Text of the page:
LONDON — Has the world gone completely insane? That was the question seasoned British media watchers have been asking themselves all week long. The always quotable ex-head of Endemol UK perhaps best summed up the situation when he told the Financial Times: “The world is falling down around our eyes, the financial system is destroyed, there are various genocides going on and Gordon Brown (the British Prime Minister) has an opinion on Russell Brand. God help us.”
He has a point but Peter Bazalgette, like Brand, is a professional mischief monger. He is also forever associated in Blighty with reality TV super tanker “Big Brother,” which not so long ago was the cause of a similar row involving editorial standards at Channel 4, and supports selling off parts of the BBC, including Radio 2, to the private sector. Alas, the prospect of Radio 2, by a huge margin the most successful radio station in the UK, being privatized becomes more likely in a week that has been a perfect storm for the BBC, which once again capitulated to public pressure.
By week’s end, three scalps had been claimed by this lamentable tale — Brand, who’d lost his Radio 2 show, Jonathan Ross, suspended by the Corp for three months on no pay, and Lesley Douglas, head of Radio 2.
The most regrettable of these hasty exits was that of the highly accomplished Douglas. She became the second BBC program topper to resign from the BBC in a little over a year. In the fall of 2007, Peter Fincham, BBC1 controller, another highly talented creative, resigned when an inquiry discovered management failures after he had, wrongly as it turned out, told the press that no lesser figure than the Queen had stormed out of a photo-shoot.
The problem is that as inflated as the “Sachsgate” sage became, with virtually half the nation contacting the Beeb to complain about the off-color remarks left by Brand and Ross on Andrew Sachs’ answer-message machine, the anti-BBC lobby has a point. Whatever you think about the prank— and straw polls suggest the under-25s thought it was hilarious while more mature heads were appalled by Ross telling Sachs that Brand had slept with his granddaughter — there is absolutely no doubt that the BBC’s response to the ensuing row was totally inadequate.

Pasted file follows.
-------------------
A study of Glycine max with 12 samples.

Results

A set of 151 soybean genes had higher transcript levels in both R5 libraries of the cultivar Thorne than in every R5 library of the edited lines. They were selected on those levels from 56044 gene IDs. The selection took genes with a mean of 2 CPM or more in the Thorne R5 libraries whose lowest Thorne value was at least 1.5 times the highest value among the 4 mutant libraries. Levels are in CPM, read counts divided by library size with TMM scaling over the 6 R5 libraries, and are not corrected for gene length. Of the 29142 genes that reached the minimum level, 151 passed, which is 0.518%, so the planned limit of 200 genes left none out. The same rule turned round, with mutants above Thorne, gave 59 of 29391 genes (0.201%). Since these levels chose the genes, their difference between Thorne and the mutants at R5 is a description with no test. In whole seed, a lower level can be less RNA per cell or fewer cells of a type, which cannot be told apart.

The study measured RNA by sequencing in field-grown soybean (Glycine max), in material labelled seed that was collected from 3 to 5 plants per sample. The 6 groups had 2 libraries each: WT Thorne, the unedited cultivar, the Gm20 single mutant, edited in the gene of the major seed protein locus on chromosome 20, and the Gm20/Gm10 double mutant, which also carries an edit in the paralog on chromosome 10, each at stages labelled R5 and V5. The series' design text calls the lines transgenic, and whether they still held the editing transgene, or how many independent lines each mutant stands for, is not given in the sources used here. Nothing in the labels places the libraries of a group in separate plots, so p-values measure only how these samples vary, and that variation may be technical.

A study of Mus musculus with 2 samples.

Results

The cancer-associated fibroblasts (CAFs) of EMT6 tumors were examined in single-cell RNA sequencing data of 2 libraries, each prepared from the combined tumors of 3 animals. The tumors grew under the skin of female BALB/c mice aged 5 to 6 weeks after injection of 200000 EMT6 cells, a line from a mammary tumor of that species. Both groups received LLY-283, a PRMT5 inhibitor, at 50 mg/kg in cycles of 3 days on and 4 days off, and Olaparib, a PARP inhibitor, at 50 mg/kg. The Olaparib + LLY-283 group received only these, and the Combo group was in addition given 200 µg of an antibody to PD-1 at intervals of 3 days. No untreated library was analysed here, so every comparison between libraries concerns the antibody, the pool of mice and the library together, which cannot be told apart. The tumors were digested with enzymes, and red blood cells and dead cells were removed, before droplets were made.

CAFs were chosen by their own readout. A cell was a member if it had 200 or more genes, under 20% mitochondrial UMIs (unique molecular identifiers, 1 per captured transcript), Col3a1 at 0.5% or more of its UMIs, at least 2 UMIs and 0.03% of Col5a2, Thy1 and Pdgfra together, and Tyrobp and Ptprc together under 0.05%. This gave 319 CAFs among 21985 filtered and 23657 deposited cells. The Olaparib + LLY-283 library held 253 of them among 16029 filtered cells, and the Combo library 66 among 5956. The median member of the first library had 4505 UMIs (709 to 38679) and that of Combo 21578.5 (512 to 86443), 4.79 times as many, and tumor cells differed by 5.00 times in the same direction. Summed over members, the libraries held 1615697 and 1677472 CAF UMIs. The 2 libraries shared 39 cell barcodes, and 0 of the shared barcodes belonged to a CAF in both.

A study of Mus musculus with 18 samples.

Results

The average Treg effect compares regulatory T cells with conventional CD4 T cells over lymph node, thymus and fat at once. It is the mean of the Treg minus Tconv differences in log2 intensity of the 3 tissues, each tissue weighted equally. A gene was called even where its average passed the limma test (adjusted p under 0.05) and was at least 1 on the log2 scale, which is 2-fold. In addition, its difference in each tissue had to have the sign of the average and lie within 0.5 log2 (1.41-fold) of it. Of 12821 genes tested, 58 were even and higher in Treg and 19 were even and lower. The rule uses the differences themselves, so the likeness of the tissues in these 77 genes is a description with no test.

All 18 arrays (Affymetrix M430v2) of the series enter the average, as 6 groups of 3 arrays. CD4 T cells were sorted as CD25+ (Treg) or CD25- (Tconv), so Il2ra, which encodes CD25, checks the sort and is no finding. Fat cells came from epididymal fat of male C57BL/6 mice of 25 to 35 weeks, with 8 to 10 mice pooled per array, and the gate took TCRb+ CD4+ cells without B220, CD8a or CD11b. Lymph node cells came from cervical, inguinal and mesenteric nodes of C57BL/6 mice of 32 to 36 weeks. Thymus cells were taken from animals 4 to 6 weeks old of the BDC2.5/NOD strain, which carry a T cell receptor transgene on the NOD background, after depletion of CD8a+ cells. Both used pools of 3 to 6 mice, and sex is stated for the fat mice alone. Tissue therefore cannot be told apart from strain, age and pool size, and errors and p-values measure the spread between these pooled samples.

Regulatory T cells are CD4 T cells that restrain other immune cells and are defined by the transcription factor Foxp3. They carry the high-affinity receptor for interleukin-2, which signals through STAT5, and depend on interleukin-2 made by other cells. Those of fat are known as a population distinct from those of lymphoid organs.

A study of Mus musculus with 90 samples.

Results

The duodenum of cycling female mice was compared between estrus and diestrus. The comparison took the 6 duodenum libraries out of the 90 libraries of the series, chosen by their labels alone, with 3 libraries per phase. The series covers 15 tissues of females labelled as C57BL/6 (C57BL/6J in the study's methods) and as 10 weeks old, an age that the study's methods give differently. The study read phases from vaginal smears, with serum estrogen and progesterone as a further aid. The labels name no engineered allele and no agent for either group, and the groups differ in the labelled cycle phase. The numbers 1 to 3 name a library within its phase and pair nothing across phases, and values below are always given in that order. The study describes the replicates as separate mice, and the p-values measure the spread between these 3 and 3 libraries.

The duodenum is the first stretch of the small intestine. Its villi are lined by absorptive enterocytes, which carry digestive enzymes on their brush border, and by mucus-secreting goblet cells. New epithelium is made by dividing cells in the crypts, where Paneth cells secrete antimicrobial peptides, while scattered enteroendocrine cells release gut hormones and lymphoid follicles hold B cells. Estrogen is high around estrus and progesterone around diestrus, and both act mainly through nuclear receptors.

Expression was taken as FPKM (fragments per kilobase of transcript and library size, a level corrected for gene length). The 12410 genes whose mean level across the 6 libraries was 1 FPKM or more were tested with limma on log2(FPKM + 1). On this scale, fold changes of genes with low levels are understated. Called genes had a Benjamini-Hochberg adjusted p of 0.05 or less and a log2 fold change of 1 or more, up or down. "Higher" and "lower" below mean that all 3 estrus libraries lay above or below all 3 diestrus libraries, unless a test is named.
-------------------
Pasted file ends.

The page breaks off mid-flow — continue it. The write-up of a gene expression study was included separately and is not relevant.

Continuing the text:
To be clear: the broadcast occurred on October 18. There were just two complaints. Eight days later the Mail On Sunday, no friend of the BBC’s or Ross’s, published the story. Fast forward 48 hours and “Sachsgate” has mushroomed into the biggest news story in the U.K. eclipsing the recession, the appalling humanitarian tragedy in the Congo and the U.S. Presidential elections.
Had the BBC, which employs more spin doctors than Russell Brand has girlfriends, followed up the Mail on Sunday with a robust apology and the announcement of a full inquiry into why the broadcast was greenlit, the controversy would have been quickly extinguished.
Instead, the BBC has been dragged through the mire in what may well be the biggest crisis to hit the world’s most famous pubcaster since the Hutton investigation led to the double resignations of then director-general Greg Dyke and chairman Gavin Davies.
Today director-general Mark Thompson and the present chairman, Sir Michael Lyons, still have their BBC jobs. Despite all the usual waffle promising that “editorial processes” will be tightened to ensure there is no repeat of “Sachsgate,” Thompson is one of the walking wounded. Following a bungled set of negotiations over the BBC license fee and last year’s scandal over faked phone-in competitions in BBC programs, including children’s shows, Thompson’s leadership of this great organization has fallen short of the high expectations that greeted his appointment in 2004.
If another of Thompson’s lieutenants resigns on his watch, he too will be joining Brand in the job queue. But he, unlike, Brand can’t just walk away from the wreckage and sign another Hollywood contract.